Finance Leaders Forum: A Conversation with Brandy Bergman, Shaival Patel, and Susan Gilbertson

December 12, 2023

For a private company looking to go public, finance executives are front and center in communicating a company’s strategy, operating performance, and financial results to research analysts and investors. 

During our inaugural Finance Leaders Forum, Brandy Bergman, CEO of Reevemark, joined Mizuho Americas’ Susan Gibertson, Shaival Patel and Josh Weismer for an in-depth analysis on ‘life after listing’.

Our panelists explored post IPO trading, communication and marketing strategies, how to engage with equity analysts and how to develop relationships to build credibility to maximize valuation. 

Read more key highlights from the Q&A panel discussion, moderated by Josh Weismer, below:

Brandy Bergman
Founding Partner & CEO

Shaival Patel
Managing Director
Head of US Equity Sales
Mizuho Americas

Susan Gilberston
Managing Director
Head of US Equity Research
Mizuho Americas 

So if we talk about the day one post-IPO, when you think about allocations and how we allocate a transaction, how does that impact not only the first day of trading but the longer term trading stability of a deal?

Shaival Patel:I think the allocation process is of utmost importance. First of all, you want to make sure that you're allocating to the right investors, investors who are stable and who aren't going to flip the stock. Typically, you make sure you have a good set of long-term investors who've done the work, value the company, and believe in the vision of the management team. Investors should also have the desire to be longer-term shareholders who will support the stock through various market cycles.

A lot of that is based on senior relationships with different institutional investors and how they have transacted in the past in terms of names they have been interested in - whether that's specific sectors, market caps, liquidity constraints, overall size and/or appeal of a particular company. So I think ultimately, it comes down to making sure that you have a stable, long-term shareholder base that will be supportive of the company and management team for a long time. 

What are the most crucial communications leading up to the time of the IPO?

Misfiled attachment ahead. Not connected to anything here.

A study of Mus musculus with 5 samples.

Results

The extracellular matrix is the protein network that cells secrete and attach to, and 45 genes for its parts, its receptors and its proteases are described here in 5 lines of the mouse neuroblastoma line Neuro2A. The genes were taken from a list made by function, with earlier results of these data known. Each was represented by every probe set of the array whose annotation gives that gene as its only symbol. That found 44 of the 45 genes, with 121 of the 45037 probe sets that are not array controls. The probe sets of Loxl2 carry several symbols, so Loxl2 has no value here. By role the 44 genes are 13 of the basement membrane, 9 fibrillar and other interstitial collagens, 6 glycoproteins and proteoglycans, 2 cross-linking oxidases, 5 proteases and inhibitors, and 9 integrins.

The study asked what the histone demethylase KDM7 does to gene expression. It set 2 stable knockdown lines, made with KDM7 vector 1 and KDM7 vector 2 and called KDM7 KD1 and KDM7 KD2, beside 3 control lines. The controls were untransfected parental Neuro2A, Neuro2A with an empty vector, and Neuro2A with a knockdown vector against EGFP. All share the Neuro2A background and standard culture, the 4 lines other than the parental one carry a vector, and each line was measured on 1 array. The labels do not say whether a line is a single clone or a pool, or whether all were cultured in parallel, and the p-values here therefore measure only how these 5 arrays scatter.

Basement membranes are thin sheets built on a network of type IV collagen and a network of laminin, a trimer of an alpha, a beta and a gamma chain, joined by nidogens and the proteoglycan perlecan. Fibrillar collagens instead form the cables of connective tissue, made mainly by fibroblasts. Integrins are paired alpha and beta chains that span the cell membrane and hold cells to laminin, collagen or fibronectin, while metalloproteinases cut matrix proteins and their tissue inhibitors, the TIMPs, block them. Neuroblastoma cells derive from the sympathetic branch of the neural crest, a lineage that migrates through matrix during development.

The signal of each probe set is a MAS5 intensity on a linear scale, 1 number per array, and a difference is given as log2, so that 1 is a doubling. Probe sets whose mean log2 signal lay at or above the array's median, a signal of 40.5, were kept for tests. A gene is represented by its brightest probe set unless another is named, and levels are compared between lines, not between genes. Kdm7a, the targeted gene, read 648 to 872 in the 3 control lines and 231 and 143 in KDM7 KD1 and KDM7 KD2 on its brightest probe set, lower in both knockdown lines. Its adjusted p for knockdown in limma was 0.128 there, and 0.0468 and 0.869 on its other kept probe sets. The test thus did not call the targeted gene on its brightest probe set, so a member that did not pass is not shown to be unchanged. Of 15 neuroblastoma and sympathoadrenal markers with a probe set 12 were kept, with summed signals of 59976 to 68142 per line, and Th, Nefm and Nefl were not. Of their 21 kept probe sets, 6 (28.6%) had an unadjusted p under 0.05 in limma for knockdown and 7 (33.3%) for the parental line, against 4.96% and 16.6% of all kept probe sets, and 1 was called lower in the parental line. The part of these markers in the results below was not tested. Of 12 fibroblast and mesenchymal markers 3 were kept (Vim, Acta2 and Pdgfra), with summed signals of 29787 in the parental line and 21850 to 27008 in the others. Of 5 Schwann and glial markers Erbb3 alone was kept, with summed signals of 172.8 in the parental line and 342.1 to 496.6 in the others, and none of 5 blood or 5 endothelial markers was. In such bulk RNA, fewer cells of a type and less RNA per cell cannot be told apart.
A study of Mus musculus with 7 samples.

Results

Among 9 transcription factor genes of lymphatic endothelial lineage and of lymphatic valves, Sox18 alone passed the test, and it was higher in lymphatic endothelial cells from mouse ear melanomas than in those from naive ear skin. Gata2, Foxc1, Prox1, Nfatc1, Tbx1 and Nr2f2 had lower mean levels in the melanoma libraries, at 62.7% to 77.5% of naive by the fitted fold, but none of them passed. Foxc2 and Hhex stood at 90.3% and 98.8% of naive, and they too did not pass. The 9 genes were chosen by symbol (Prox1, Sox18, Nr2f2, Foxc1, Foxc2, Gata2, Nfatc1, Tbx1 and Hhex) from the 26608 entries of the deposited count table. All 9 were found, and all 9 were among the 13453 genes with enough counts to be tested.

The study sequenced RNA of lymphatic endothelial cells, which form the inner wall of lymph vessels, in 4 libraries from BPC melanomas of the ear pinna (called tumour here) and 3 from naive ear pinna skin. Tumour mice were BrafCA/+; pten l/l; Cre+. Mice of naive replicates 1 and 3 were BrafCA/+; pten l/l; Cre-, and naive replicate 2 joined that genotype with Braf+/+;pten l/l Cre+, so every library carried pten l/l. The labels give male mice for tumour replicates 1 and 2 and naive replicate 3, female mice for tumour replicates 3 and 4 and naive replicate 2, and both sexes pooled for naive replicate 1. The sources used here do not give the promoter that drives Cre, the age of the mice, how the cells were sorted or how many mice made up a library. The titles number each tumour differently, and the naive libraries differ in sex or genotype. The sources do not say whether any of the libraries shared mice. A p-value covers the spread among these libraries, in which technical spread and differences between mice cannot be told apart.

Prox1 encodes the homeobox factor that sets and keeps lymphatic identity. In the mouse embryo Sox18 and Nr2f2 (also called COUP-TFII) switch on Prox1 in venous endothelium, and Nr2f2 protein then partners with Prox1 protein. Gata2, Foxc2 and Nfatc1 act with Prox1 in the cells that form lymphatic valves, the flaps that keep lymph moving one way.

Brandy Bergman: I think one of the things we always tell companies that we work with, namely private companies who see an IPO in their future and are planning for it, is to establish a normal course of communications in their market. At that point you don't have investors and your market is your customers, employees or suppliers and you're creating this kind of pattern of communicating. You are allowed to do that once you file your registration statement, then there's a cooling off period, but if you've established a pattern of normal course communications, you do not have to turn off the spigot. You have a business to run. You've got to continue to do what you've been doing. So that's the first thing. The other thing is your S-1. It's not an afterthought. You have got to make sure it tells the story you want to tell because you are bound by it.

It has to be everything you want to say to the market, because you're going to be living with it for a long time.

Post-IPO, how often should you be engaging with the analysts and what's the best way to connect as you think about life as a public company?

Susan Gilberston: We recommend a minimum report four times a year, but what we’d really like to see is eight times. Before you go into a blackout period for earnings, reach out to the analysts, talk to them and glean what they're hearing from their clients. They're the best conduit you have to the clients. What do clients care about? What are they talking about? What are their expectations?

Continue to have the outreach, continue to reach outside. Speak to the analysts because they will provide you with a window into what investors really care about. And at the end of the day, that's what you care about, shareholder return.